Approximately 160 physicists from around the world convened at The Catholic University of America last week to strategize how to unlock the secrets of the glue, or “gluons,” which binds all observable matter in the world around us.
The scientists were participating in the 2018 international Electron Ion Collider (EIC) User Group Meeting, which discussed new developments and initiatives surrounding a proposed billion dollar facility in the United States that would collide intense beams of spin-polarized electrons with intense beams of both polarized nucleons and unpolarized nuclei from deuterium to uranium. The efforts to build this facility are vast and international, already involving more than 800 physicists from over 160 laboratories and universities around the world.
The meeting, which was co-sponsored by the University, Jefferson Lab, and Brookhaven National Laboratory, featured presentations from funding agencies, as well as leaders of international laboratories in Canada and Japan and the European Strategy Group.
A major topic of discussion was the recently released research findings from the U.S. National Academy of Science, which determined that the EIC would be “a unique facility in the world that would answer science questions that are compelling, fundamental, and timely, and help maintain U.S. scientific leadership in nuclear physics.”
The week’s meeting was organized in part by associate professor Tanja Horn (chair), assistant professor Greg Kalicy, and professor Ian Pegg, with help from numerous Catholic University graduate and undergraduate students. Pegg and Horn also gave a presentation discussing their joint research on novel detector materials, which was entitled, “New Materials for Calorimetry at EIC,” and hosted two tours for 45 participants to visit the Vitreous State Laboratory.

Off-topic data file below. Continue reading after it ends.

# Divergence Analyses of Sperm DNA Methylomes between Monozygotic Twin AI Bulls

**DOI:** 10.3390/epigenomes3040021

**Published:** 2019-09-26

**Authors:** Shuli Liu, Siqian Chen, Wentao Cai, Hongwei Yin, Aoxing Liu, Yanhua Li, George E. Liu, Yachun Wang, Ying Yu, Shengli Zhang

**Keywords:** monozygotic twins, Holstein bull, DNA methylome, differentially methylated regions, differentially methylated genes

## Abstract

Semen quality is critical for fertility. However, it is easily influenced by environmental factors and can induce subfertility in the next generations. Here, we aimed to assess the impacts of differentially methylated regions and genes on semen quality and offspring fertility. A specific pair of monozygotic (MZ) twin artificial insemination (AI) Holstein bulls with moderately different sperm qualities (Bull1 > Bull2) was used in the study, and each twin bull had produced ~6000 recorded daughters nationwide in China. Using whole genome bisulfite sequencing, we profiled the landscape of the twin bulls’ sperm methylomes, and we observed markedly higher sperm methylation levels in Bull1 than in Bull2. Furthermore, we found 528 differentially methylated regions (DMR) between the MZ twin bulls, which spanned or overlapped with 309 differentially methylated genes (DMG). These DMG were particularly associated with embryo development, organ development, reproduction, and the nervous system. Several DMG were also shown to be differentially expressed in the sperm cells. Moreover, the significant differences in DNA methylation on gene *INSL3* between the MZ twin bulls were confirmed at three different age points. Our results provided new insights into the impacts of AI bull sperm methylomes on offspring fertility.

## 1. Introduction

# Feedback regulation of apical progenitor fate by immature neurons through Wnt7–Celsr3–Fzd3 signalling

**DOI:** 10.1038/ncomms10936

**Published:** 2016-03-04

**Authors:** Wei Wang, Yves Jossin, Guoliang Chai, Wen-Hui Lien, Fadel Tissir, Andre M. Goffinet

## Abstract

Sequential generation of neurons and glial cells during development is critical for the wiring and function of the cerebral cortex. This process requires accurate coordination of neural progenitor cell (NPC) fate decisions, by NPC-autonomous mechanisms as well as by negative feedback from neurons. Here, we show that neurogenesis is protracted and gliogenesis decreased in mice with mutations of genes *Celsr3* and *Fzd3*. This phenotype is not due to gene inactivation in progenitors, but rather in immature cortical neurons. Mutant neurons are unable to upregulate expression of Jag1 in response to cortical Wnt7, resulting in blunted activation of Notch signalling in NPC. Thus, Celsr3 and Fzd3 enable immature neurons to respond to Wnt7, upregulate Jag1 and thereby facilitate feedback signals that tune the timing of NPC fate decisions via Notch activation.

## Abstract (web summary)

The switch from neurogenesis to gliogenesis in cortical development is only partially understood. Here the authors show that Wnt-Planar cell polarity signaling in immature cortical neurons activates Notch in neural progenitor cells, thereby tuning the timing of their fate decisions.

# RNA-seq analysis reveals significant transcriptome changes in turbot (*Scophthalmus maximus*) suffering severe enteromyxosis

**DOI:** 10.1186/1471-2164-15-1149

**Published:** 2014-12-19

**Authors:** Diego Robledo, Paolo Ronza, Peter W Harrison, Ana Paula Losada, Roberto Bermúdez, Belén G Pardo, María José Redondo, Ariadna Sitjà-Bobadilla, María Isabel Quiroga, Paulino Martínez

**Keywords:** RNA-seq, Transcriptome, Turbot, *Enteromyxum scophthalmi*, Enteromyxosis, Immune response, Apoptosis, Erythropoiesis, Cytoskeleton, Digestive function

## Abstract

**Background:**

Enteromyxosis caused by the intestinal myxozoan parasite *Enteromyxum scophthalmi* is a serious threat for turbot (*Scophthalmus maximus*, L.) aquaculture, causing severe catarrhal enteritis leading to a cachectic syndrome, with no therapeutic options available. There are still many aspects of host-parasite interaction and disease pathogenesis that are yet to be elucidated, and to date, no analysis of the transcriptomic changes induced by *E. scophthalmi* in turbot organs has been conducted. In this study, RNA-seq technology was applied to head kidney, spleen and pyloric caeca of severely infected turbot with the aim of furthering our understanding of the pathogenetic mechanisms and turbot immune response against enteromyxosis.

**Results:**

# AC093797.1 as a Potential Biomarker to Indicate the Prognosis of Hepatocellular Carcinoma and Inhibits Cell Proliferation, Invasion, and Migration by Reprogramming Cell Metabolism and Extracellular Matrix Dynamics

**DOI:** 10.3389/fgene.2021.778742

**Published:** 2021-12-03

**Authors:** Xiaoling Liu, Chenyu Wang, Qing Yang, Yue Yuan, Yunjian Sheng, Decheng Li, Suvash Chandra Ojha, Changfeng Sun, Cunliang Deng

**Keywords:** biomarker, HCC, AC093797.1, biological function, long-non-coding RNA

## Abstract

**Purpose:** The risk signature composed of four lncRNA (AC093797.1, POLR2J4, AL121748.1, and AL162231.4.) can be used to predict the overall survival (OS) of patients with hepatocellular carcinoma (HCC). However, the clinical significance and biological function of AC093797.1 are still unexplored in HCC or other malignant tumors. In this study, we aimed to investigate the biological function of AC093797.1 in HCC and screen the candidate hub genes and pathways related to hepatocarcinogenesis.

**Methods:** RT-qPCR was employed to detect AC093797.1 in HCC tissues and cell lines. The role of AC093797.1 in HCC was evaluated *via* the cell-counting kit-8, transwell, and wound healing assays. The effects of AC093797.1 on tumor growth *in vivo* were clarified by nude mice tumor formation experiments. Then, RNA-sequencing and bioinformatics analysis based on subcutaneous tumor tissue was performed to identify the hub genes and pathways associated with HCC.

Pegg noted that it was a privilege for the University to host this prestigious meeting with so many renowned physicists from around the world.
“This shows that our University is involved in one of the most important scientific discussions in today’s world,” Horn said. “It also provided a great opportunity for our students to meet and learn from some of the greatest scientific minds.”
Aaron Dominguez, dean of the School of Arts and Sciences, gave opening remarks at the beginning of the workshop, welcoming the participants to the University and sharing its history as a research institution and breeding ground for scientific discoveries. Dominguez is a particle physicist working on the Large Hadron Collider (LHC) in Geneva.
“It’s a great honor to be hosting this user group meeting at Catholic University,” Dominguez said. “I myself sit on the executive committee of the user group for the LHC and I know that these types of user group organizations are highly important in our field, especially in the early planning stages, to make sure we come together as a community and understand the physics case for a project, that it can be well-understood and important and ground-breaking, so that we can all get on the same page and move forward.”